A video is currently going viral on social media platforms and particularly on WhatsApp. The video is of a Congress party rally in North Belgaum in Karnataka, and it has been claimed that the flag of Pakistan was waved at the rally. This message is also circulating in the form of an image of the flag which has been taken from the video.


In the video, it can be seen that a green coloured flag is being waved amidst a crowd. It is being claimed in social media posts and WhatsApp forwards that the flag in the video is the Pakistani flag. The above video has been shared more than 350 times. This may seem like a modest number, but the video is being uploaded and posted by many individual users rather than being shared in large numbers from a single page or group of pages.

The manner in which this video is being shared indicates that this video along with the claim that the Pakistani flag was present at the Congress party’s rally in Karnataka is circulating on WhatsApp.

Was a Pakistani flag waved at the rally?

The video shows a green coloured flag being waved. We took a screenshot of the video in order to take a good look at the flag.

The flag that was waved at this rally was NOT a Pakistani flag. This is in fact the flag of IUML (Indian Union Muslim league), which is different from the flag of Pakistan. The Pakistani flag has a white band on the left side. Also, there is a difference in the colour and the angle of the crescent in both flags.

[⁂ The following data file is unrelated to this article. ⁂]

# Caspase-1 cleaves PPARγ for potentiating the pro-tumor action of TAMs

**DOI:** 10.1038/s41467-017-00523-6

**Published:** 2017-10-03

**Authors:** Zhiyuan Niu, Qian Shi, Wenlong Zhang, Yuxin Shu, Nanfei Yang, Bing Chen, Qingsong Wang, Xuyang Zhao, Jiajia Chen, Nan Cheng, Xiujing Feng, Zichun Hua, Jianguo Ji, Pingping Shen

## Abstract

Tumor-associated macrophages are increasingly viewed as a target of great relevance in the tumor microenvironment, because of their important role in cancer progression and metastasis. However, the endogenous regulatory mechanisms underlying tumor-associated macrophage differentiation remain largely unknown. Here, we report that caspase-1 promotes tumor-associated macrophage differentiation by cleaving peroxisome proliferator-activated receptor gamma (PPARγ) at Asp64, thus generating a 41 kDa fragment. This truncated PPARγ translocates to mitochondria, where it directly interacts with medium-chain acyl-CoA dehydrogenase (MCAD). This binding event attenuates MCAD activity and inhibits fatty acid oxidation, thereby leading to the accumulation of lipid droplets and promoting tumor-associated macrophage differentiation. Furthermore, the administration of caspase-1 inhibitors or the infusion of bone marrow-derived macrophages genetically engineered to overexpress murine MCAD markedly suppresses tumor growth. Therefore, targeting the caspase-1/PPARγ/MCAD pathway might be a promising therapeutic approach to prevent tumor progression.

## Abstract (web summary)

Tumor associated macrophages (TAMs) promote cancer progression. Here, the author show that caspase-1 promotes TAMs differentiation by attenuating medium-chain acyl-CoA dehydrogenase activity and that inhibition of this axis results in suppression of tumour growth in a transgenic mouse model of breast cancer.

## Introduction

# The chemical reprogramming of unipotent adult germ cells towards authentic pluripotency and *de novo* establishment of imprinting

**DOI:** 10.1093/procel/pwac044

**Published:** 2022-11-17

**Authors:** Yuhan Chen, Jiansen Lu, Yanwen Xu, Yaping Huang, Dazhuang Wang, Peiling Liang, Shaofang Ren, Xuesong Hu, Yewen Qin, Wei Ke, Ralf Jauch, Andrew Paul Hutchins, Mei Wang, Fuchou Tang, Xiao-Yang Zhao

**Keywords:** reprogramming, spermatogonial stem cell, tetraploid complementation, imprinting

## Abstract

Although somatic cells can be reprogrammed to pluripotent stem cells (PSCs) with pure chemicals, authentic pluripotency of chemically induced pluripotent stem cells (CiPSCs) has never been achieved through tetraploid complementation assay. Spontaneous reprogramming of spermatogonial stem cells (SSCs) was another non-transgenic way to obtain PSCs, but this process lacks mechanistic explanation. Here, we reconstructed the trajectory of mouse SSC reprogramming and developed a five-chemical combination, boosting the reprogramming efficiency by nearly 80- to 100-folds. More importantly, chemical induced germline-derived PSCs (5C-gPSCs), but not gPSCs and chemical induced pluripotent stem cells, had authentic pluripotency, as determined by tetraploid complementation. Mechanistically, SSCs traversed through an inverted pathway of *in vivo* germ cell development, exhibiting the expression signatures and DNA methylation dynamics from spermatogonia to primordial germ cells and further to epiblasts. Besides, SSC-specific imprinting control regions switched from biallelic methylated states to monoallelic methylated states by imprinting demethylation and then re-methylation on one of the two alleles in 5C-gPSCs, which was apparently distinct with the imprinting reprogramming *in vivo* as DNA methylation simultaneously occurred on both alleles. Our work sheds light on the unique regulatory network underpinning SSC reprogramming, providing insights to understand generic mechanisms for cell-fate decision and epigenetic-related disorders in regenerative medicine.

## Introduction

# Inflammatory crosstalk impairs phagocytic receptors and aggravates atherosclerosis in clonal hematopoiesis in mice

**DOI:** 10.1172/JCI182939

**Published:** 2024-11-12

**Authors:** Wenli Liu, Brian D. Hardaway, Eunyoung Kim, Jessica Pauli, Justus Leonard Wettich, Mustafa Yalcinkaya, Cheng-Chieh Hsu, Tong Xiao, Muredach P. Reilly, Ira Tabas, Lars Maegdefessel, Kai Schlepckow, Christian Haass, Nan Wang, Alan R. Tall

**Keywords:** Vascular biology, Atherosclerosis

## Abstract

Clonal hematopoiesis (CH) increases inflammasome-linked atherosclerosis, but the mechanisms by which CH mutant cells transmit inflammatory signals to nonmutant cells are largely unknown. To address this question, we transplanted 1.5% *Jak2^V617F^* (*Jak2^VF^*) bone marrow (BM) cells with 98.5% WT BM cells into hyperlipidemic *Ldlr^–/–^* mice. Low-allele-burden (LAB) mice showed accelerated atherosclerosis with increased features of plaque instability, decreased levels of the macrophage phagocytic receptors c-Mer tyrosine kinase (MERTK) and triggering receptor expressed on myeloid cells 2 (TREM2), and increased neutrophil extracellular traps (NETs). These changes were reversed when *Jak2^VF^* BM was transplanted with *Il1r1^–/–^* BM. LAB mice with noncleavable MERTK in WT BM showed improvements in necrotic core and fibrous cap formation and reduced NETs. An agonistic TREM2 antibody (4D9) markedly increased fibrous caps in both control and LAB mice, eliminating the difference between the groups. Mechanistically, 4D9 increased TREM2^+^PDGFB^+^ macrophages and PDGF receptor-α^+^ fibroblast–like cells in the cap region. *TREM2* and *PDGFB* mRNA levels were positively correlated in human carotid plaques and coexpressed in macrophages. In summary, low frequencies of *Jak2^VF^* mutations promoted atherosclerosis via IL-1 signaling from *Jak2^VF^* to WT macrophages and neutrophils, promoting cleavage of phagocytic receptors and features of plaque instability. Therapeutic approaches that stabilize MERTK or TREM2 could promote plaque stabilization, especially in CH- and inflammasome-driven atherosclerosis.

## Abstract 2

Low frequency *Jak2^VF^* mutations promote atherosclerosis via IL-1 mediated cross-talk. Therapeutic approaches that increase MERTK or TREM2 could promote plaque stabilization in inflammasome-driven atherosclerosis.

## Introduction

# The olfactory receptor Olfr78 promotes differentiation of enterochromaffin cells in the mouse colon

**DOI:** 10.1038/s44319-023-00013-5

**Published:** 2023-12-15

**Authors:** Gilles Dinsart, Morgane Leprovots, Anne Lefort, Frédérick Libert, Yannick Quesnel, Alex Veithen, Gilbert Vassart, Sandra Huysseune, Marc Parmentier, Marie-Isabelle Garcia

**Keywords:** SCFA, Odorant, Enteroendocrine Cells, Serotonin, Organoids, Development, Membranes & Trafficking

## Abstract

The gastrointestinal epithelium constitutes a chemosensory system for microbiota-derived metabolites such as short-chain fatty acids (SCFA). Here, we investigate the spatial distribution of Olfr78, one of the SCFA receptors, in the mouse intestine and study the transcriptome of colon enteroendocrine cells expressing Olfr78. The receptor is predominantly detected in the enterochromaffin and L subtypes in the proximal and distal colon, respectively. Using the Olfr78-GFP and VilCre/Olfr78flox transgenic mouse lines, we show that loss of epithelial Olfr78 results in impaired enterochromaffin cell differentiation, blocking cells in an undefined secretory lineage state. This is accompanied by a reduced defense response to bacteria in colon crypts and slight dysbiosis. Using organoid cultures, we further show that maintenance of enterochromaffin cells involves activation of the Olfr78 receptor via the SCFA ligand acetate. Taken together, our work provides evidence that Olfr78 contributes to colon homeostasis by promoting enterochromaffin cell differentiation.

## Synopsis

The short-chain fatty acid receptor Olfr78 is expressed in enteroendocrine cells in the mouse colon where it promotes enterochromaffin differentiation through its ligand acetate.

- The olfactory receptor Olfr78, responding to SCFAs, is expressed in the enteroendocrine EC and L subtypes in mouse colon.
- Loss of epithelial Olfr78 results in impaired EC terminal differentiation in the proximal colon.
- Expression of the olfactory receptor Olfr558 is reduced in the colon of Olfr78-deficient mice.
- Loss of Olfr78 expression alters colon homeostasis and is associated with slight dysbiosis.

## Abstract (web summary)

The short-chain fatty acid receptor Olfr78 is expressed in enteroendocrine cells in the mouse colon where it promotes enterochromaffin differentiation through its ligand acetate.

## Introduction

Very often, the Pakistani flag is also confused with the banner of Islam. The image below shows the difference between the two flags. Those who are unaware of the difference may end up confusing the two flags. Alt News had earlier reported on News18 portraying an Islamic banner as a Pakistani flag hoisted in Uttar Pradesh.

Karnataka votes on May 12, and the fake news machinery is on an overdrive. There has been a flurry of misinformation related to Karnataka on social media over the last few days. Nationalism and Pakistan are popular themes for fake news peddlers in election season which probably explains how Islamic flags that usually dot towns, cities and villages in India suddenly morph into Pakistani flags on the eve of polls, and spread like wild fire on multiple platforms in a bid to polarise voters.

Update: We had earlier stated the flag was the banner of Islam. However, it is actually the IUML flag. The error is regretted and has been corrected.

About the Author

Arjun Sidharth is a writer with Alt News. He has previously worked in the television news industry, where he managed news bulletins and breaking news scenarios, apart from scripting numerous prime time television stories. He has also been actively involved with various freelance projects. Sidharth has studied economics, political science, international relations and journalism. He has a keen interest in books, movies, music, sports, politics, foreign policy, history and economics. His hobbies include reading, watching movies and indoor gaming.